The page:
Heart Rate Data (lower or lagging HRs)
Posted By: KP
Date: Thursday, 21 February 2008, at 7:40 a.m.
Heart Rate Data
Q: In some writings, authors refer to training in the steady range as a key part of Ironman prep.
How does an IM athlete differentiate between increased fitness and HR lag?
KP: Differentiation comes with experience as well as charting data across time. Data included in your current and past experience might be power compared to HR and PE on the bike. Short of a power meter, experience (or a knowledgable advisor) can be very helpful. As your fitness increases, the ability to cross reference data becomes more important. HR measures cardiovascular strain, not work. Power measures work. When we develop good fatigue through weeks of quality work, HRs may lag. How do we know if HRs are lagging or we are fitter? Being able to compare benchmarks, charted data over time and personal experience. Logging data over time (weeks, months, years) gives us a clearer picture of an individual and his/her fitness. It all has meaning.
For instance – Feb 19th I rode 3hrs on an identical course as the one I rode 3hrs on in early January. Yesterdays ride time was 2:56 // 6 weeks ago 2:57. Yesterday was 5w higher power (NP and AP). But my avg HR was 18 beats lower. Was my HR lagging from fatigue or was I more fit?
The answer is both. I just did a huge cycling week and have some lasting fatigue. I am also more fit and expected lower HRs at the same power. The purpose of is to get tired. Doing the right thing once the training stimulus has been accomplished facilitates assimilation and shows in increased fitness.
Knowing that I may not regularly see HRs as reactive as those I saw in December and early January, following months and weeks of detraining in 2007 (lower fitness, lower blood volume, very fresh), I have to consider variables that affect heart rate. This is where years of experience, personal knowledge and a power meter become important allies as we seek to avoid overworking by forcing up heart rates.
As we get more fit and do greater workloads, it is important to for us to be on the lookout for signs of lagging HRs mixed with cumulative fatigue. It is not uncommon and may even be normal (expected) after certain training cycles. When this occurs, it would be a mistake to force HRs up to some pre-determined figure. An athlete who is looking for clarity can you see how important the power meter can be in these situations. Power is power is work done -- instantly. Heart Rates lag in bigger gears, over short intervals and with fatigue. Power only goes down if you do less work. Going forward – an athletes experience -- over years -- will be very helpful.
Q: If you are experiencing lag, what do you do?
KP: the HR lag (when everything else is in line // PE and Power) can be a sign of fatigue and/or good fitness (careful not assume it's all fitness). We are trying to get tired through training (in a good way). That's what training does for us. Lagging HRs are part of the equation an athlete often experiences when he is doing quality work, with solid volume. It can be a valid signal that the edge (deeper fatigue) is near but it is the edge we want to dance in specific cases when pursuing personal best fitness. We see it, we note it, we watch it. When an athlete is rolling consistently along, producing specific power on the bike, swimming well, running well, sleeping well, eating well, nailing all KEY sessions and HR is lagging a bit, maintain careful observance of data, altering training stimulus when it is called for.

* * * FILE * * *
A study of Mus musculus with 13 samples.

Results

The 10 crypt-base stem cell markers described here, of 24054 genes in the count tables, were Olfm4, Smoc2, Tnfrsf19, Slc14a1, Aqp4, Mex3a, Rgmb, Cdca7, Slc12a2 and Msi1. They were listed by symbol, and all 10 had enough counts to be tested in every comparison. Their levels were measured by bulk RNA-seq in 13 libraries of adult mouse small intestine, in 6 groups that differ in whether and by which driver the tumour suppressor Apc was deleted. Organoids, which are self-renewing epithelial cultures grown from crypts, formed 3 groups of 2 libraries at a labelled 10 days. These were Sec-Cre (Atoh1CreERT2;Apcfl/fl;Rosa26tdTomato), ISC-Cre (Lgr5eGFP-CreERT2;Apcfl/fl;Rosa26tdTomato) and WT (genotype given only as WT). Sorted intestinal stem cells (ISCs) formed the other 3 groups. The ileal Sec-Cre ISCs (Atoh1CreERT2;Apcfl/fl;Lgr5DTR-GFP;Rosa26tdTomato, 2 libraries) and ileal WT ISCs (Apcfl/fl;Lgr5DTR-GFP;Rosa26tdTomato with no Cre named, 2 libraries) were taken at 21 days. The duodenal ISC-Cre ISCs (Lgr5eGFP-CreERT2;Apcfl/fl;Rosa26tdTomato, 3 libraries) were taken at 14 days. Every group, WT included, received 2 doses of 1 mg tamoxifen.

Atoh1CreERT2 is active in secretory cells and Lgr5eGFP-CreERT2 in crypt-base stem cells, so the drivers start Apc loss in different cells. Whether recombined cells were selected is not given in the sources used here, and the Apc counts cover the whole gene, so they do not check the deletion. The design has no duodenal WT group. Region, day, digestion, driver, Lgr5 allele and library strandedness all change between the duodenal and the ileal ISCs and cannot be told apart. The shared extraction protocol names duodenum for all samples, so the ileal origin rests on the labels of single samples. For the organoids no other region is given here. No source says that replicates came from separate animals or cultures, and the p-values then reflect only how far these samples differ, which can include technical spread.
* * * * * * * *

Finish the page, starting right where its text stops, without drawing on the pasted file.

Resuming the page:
A client, Jeff Caplan, recently wrote his observations to me as we discussed these topics:
“I am starting to get a much better understanding of its (power meter) role. The difference between the way that I was considering it vs. what I am coming to understand is that it is not like a speedometer (which is how I was originally considering it). Instead, it is much closer to a highly responsive HRM that provides very immediate feedback on the efforts you are putting forth. By triangulating the power, HR and PE info, you can develop a much more robust model that guides appropriate pacing both during training and racing. Given time and a sufficient base of experience, you can develop models that provide more informative information for real time (i.e., during the ride) and strategic (i.e., "how is my training progressing") decision making.”
Good stuff from Jeff! Some other general observations of mine that may be helpful:
If PE is low, HR is normal or high and watts are high, I may be emotionally fired up, in which case I back off. Examples:
(1) Exiting T1 and early in the bike leg of a race.
(2) In a group ride where excitement is high it is easy to overwork
If HR is low but PE feels correct and wattage corresponds to appropriate efforts: this is a clue that I may be a bit tired and need to watch my energy expenditure while scheduling planned recovery. I may need a couple days of careful training. I see this often in specific prep prior to a race and during big volume (lagging HRs). I witness athletes training without power attempting to hit HR targets that leave them overly fatigued come taper. They may spend three weeks of focused training using an effort that turns out to be close to a zone too high.
*If watts stay low but HR is normal/low and PE is normal to higher, I am likely close to being smashed and need some rest. The additional recovery may be two days or a week. When you have trouble hitting known target wattage it is a sure sign of fatigue and should not be ignored, no matter what HR and PE suggest.